When was the last time 20,000 people split the bill? In Hampton Roads, it was 1966-1967, when residents donated money towards the purchase of a painting by Auguste Renoir.

Click Here to Play Audio

Listen to archived features from Arts Undercurrent online.

Note: The pandemic has had a disastrous effect on our local arts community. This month, in honor of our many local artists and performers on pause, Arts Undercurrent with Rebecca Weinstein will take a look back at memorable moments in Hampton Roads arts history. These four special episodes were written by and produced in collaboration with Norfolk Tour Company.


When was the last time 20,000 people split the bill? In Hampton Roads, it was 1966 and 67, when residents donated money towards the purchase of a painting by Auguste Renoir — one of the premier artists of the Impressionist movement. The painting, titled Trees by the Edge of a River, would become Norfolk’s first tangible connection to an artist that everyone recognized.

In 1966, then-Norfolk Mayor Roy Martin Jr. initiated the public donation drive to raise $19,000 for the painting — equivalent to nearly $150,000 today. The work of art would be owned by the Norfolk Museum of Arts and Sciences — now known as the Chrysler Museum of Art.

Affectionately called the “Little Renoir,” Trees by the Edge of a River was a small painting, just over 5×7 inches. Its painted landscape was divided into thirds — water, trees, and sky. The river's prevailing color was blue, with unmixed pieces of red, yellow, and purple paint on the surface.

Most people did not know the small size of the Renoir painting when they donated, leading to some disappointment after it was purchased. But “a Renoir is a Renoir,” and the donation drive for its purchase stimulated the community like no other; schoolchildren, girl scouts, fraternal orders, and clubs all donated to the drive. People held bake sales and put up donation jars. Civic leagues held raffles and costume contests. School children brought pennies to class. People from every city in Hampton Roads worked to bring the “Little Renoir” home to Norfolk.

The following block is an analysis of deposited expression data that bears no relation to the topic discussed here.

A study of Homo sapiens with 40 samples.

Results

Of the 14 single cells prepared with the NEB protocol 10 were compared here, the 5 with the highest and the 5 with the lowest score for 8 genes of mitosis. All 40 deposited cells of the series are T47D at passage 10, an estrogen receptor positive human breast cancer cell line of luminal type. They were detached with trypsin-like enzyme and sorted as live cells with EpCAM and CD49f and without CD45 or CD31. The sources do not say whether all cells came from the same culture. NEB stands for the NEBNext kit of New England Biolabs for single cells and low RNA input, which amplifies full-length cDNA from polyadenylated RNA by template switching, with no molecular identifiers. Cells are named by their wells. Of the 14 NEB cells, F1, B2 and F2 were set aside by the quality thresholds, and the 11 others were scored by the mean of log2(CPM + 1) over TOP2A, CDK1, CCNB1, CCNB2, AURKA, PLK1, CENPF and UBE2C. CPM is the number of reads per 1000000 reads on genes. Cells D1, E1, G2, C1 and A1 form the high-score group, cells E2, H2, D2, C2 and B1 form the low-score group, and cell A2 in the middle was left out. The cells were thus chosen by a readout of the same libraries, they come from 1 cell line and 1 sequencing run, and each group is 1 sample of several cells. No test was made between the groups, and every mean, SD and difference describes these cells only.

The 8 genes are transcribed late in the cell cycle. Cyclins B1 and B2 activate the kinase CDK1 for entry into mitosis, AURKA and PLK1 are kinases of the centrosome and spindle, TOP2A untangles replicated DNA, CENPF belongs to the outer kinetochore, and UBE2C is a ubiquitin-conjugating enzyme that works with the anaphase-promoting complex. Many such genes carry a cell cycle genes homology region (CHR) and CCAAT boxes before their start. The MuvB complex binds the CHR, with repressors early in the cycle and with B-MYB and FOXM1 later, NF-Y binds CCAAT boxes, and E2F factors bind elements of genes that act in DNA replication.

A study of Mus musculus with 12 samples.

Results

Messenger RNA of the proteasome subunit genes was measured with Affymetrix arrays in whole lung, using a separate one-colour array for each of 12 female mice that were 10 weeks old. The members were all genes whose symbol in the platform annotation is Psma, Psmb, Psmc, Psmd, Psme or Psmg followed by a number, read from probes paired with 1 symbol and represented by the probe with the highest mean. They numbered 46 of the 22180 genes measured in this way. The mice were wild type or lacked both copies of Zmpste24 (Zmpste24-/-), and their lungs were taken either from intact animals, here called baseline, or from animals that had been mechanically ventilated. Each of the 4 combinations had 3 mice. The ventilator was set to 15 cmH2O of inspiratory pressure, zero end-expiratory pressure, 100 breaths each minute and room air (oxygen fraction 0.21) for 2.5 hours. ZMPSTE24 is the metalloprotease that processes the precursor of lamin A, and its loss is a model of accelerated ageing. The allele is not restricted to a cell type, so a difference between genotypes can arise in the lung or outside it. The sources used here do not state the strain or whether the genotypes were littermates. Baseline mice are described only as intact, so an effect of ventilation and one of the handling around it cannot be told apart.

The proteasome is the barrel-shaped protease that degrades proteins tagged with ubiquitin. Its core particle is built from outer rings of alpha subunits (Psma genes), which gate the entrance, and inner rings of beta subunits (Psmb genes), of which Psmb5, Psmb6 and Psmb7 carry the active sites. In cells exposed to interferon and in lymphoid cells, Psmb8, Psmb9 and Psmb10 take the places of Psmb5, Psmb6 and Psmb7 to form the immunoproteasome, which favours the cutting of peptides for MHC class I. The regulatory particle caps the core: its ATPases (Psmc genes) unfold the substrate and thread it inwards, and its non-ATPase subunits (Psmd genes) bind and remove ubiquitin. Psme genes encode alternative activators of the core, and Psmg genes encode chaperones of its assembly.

The funny thing is, Trees by the Edge of a River was already in Norfolk. The Auslew Art Gallery in the Freemason neighborhood was selling the Little Renoir on consignment from an art dealer in New York City. With the painting for sale just a quarter-mile from the Norfolk Museum, it seemed fateful that it would end up there. The prospect of a household name like Renoir gracing the walls of Norfolk’s museum made the arts more exciting and relevant to the area than ever before.

With most people donating less than one dollar on average, it took the museum 14 months to raise the money. After the Norfolk Museum kicked in the last $3,200, it purchased the painting and first displayed it in the summer of 1967. It has been part of the museum’s collection ever since.

Although the painting was the first Renoir purchased by the museum, it now boasts 19 works of art by the great Impressionist. They include paintings, etchings, drawings, and sculpture — a reminder that even a little art can grow the future. And although Trees by the Edge of a River is small, it holds an outsized place in the collective memory of the 20,000 people who helped purchase it.

The painting is still owned by the Chrysler Museum of Art, and is currently on view in Gallery 217.